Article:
Patrick Dempsey is opening up about an extremely personal cause.
ET’s Katie Krause exclusively sat down with the 52-year-old actor at the Dempsey Center in Lewiston, Maine, which provides a personalized approach to cancer prevention, education and support, and provides services at no cost to those impacted by cancer. Dempsey founded the center in honor of his late mother, Amanda, who died of ovarian cancer in 2014 after a 17-year battle with the disease.
Dempsey took ET inside the room named after his mother at the center, where he talked about the “sacred” space.
“It’s in memory of my mother,” Dempsey says. “This is a place to come in and to be quiet, to reflect and we have some stones that are in a little bowl that have affirmations on them. I always come in here. I usually sit over there in that chair. It’s just a place for people to come relax and reflect and of course, you can look out and see the view of the city in this beautiful, old restored mill which has a lot of soul in it. It’s nice, it’s interesting to be here with the camera crew because it’s usually very quite sacred.”
“My mom loved being outside,” he adds. “She loved gardening, she loved being in nature and some of my greatest memories that I had growing up are in the woods of Maine, especially in snowstorms — we’d cross-country ski, and then we’d be out in the summer and certainly in the fall which we’re in right now — which I think really is my favorite time in Maine.”
The actor participates in the annual Dempsey Challenge, which raises money to support cancer patients and their families. The 10th annual Dempsey Challenge took place over the weekend, and according to the Portland Press Herald, raised $1.2 million this year, not counting the donations collected during registration and raised during the event.
“Oh, it’s always very emotional for me to come back here because there’s so much emotion, especially on Challenge weekend,” Dempsey says. “I try to get back once a month if I can to come to the center. There’s so much work to be done … and I just love the spirit of being here. This is real life, and when you encounter someone who’s just been recently diagnosed and they step off the elevator and they come here for the first time, that’s a profound moment for both people — for myself and for the client coming in.”
Dempsey says the annual fundraising event was definitely inspired by his late mother. This year, the event had around 3,500 participants, including 2,500 runners and walkers as well as 1,000 cyclists.
“Well, my mother loved walking, that was her meditation,” he shares. “Not everybody can afford a bike, not everyone wants to be on a bike. So, we wanted to make sure that it was important to keep people active. You feel much better when you’re physically active. So the walk is that, and it’s a nice experience to be walking and then there’s the run, and then there’s the bike. The bike is fun! And this year we have a lot of young kids doing it.”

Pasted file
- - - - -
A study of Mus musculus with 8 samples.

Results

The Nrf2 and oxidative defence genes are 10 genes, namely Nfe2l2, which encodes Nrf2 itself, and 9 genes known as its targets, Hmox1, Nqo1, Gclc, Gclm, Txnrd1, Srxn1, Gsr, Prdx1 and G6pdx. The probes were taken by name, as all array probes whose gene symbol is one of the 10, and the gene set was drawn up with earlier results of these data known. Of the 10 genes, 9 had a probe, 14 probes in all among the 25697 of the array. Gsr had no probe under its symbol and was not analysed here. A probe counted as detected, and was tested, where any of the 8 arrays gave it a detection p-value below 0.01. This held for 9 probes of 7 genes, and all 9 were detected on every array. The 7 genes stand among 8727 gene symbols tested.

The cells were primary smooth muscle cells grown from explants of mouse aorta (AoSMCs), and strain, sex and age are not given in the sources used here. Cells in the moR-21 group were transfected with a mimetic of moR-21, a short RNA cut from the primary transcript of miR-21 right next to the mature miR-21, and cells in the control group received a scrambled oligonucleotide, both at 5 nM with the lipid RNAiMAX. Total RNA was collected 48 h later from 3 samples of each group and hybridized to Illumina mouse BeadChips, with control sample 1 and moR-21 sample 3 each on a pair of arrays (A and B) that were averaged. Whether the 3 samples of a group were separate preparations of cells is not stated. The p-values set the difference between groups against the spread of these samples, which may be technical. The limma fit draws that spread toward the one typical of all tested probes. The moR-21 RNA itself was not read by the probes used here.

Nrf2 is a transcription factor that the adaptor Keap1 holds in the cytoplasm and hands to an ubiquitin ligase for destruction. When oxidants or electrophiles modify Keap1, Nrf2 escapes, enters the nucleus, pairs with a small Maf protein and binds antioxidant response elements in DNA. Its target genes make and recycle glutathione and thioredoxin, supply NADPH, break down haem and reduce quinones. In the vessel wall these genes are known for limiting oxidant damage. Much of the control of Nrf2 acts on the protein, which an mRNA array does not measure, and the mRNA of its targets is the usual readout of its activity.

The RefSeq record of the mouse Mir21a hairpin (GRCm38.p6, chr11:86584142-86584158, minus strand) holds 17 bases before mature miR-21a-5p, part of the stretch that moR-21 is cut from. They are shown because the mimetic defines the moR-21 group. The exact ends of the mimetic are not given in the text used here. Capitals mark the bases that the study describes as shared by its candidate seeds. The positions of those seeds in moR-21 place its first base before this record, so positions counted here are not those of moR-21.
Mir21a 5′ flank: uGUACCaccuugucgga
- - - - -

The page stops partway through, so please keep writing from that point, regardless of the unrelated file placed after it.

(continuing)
Dempsey shares why it’s important to keep giving back to his hometown. There are actually two Dempsey Centers, one in Lewiston as well as in South Portland, serving people in all 16 Maine counties. Together, the two centers serve 3,600 people a year.
Dempsey admits it was sometimes hard for him to come back and visit his hometown in the past.
“This is a community who have lost a lot of jobs,” he notes about growing up in Lewiston. “And for me as a young person, you know, there wasn’t a lot of outlook. There wasn’t a lot of hope. You know, it’s like, ‘Why doesn’t anybody come for me? Who’s out there in the world?’ And that used to come up when I came back. Now, it’s different. I have a different perspective on it and I think that’s what’s special about coming here. …. ‘Don’t forget where you come from’ was some advice I got really early on. I was going to theater at Monmouth here and I never forgot that.”
“I really love doing this work,” he also stresses. “And I think it’s very special. It’s very moving to me and I love it. This is how life should be, and especially in a world that is so full of conflict and so polarized and partisan, that when we come together as communities and we come together that that can be transformed and things can happen. That spirit is alive and well here in the center, and certainly this weekend at the Challenge.”
Through it all, the former Grey’s Anatomy star remembers his incredible mother.
“Losing my mother to cancer, I think if you look at it in the big picture — her legacy and what she’s inspired because of her battle with cancer — ultimately her losing that fight has made it a profound positive impact on the community,” he shares. “And that’s special.”
Tune in to ET on Wednesday for more of our exclusive sit-down with Dempsey.